Venice: Pure City
by Peter Ackroyd
–Reviewed by Catherine Bailey
Venetians knew how to cut loose. During the eighteenth century, the masked revelry of Venetian Carnival lasted the better part of six months. Throughout Venice: Pure City, Peter Ackroyd returns to the idea of Venice as a city of masks. In literature and lore, the city of debauchery, secrets, and glamour often overpowers the comparatively mundane workings of commerce, political and domestic life. In Ackroyd’s biography of the city, we meet Venice as an integrated whole. Part art history, part travelogue, part lyric essay, Venice illuminates something of the split public personality of Venice and knits it back together.
Venice begins with the city’s infancy: a scattered settlement atop a swamp, plagued by frequent floods and roving Lombards. From there Ackroyd traces the rise of the shining city of Canaletto up from the mud, following its transformation from a medieval city of wood to one of stone. He takes us into the inner sanctum of private Venetian households, into residential districts, and into the palace of the doge. We meet the hardworking, savvy population of traders and entrepreneurs that spun their lives and businesses around family; they worked hard, lived on their wits, and once a year at Carnival, they gave in to Dionysius, and partied harder than anyone in Europe.
The book reads as a collection of essays, best read in sequence, but each able to stand alone. Ackroyd writes both to convey information and to translate something of the emotional experience of touring the city, of peering up at elaborately carved marble buildings and Byzantine domes lit twice by the sun and water. He laces art and atmosphere together, comparing the unbridled music of Vivaldi and the vivid colors splashing the Venetian canvases of Tintoretto and Titian to the movement of light and water through the artists’ native city.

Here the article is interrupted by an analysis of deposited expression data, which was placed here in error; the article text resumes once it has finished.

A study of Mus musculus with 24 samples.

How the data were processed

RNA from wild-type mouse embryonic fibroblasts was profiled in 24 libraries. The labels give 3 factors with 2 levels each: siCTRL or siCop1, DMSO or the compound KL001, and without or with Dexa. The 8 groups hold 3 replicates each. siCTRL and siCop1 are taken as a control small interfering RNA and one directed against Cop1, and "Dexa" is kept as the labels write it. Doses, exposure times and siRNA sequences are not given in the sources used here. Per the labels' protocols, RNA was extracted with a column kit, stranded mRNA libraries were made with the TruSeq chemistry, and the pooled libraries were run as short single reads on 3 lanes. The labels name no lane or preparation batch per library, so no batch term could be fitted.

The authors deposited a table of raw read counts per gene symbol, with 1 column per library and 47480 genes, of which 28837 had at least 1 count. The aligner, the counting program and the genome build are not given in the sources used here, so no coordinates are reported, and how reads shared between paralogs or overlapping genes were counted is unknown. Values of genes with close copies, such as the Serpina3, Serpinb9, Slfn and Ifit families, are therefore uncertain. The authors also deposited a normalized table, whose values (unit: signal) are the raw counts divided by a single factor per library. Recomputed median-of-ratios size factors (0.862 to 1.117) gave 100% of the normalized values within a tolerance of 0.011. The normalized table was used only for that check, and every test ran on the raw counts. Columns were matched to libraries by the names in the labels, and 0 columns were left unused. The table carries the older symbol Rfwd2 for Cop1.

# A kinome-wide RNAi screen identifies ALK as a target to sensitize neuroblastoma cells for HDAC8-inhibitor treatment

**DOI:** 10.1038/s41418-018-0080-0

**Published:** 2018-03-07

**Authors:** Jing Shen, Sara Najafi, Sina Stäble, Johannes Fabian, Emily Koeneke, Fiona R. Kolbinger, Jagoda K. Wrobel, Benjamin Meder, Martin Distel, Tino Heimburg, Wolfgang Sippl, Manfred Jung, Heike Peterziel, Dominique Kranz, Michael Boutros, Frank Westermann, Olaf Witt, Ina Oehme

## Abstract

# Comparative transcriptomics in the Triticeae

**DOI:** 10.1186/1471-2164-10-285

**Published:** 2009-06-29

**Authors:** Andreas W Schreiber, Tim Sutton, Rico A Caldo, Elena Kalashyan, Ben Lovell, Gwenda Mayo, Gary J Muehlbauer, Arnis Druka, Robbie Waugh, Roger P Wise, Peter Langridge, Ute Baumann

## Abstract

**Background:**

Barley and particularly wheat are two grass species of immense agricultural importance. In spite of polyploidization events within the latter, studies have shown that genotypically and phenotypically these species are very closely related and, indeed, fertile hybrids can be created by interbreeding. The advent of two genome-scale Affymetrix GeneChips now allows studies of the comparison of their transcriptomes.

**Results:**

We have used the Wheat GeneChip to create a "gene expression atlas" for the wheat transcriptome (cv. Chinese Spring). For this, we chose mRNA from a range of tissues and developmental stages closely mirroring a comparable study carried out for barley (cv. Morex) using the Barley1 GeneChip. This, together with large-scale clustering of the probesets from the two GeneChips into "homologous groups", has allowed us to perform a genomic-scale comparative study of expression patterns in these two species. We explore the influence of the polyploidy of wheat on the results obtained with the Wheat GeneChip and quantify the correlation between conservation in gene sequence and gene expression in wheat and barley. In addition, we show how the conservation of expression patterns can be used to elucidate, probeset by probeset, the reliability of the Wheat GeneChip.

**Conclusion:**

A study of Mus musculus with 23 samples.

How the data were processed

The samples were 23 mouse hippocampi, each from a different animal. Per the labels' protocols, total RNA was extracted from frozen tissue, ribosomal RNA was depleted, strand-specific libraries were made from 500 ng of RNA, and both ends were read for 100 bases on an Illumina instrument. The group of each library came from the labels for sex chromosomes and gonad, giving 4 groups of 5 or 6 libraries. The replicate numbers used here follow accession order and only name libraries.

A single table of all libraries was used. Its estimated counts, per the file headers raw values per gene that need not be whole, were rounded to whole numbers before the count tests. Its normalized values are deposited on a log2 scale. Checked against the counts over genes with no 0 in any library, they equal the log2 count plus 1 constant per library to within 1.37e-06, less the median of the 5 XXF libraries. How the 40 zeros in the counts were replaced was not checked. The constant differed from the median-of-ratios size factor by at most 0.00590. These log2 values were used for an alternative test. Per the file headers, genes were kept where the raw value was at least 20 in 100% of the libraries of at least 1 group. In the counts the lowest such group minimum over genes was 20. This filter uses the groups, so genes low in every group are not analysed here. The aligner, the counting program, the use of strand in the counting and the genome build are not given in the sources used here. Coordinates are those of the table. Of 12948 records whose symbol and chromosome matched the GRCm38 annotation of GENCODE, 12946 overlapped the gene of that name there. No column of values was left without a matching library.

As prosperous traders at the fulcrum of East and West, Venetians were cosmopolitan connoisseurs of ornate and sumptuous arts, goods, and services, and since the Crusades, tourists have descended upon the city to taste what fruits they had to offer. Many of these, such as artisan glass and Carnival are familiar today, but some of the historical fruit Ackroyd has plucked is deliciously unexpected. In addition to visiting to the holy Basilica of St. Mark, many male visitors of previous centuries, he tells us, stopped by one of the city’s convents, infamous for the luxurious beds of the young sisters within.
So goes Venice: Pure City, an exploration of high culture and low, of grand basilicas and houses full of cavorting nuns. Ackroyd has cherry-picked through history to provide us a surprising, thoughtful, and musical exposition of Venice that adds to our understanding of the city as much as it adds to its mystique.
Excerpt: “Venetian society has been described s fluid and ever-changing. Of Venetian politics Sir Henry Wotton, the English ambassador to Venice in the early seventeenth century, said that it ‘fluctuated, like the element of which the city was built.’ That is the reason why Venetian historiographers were intent upon emphasizing the continuity and stability of their society. They were always aware of the motion and restlessness of the sea within the Venetian polity. At the heart of la Serenissima was a horror of transience, like the Venetian sailor’s dread of the sea. As the Venetian poet of the late sixteenth century, Veronica Franco, put it, ‘the sea itself yearns towards this city.’ This may be considered a compliment, as long as the sea does not come too close.”
Catherine Bailey is a trained anthropologist and archaeologist. She currently works as a freelance writer and teacher in Los Angeles.
*Photo of Venice courtesy NASA’s Marshall Space Flight Center.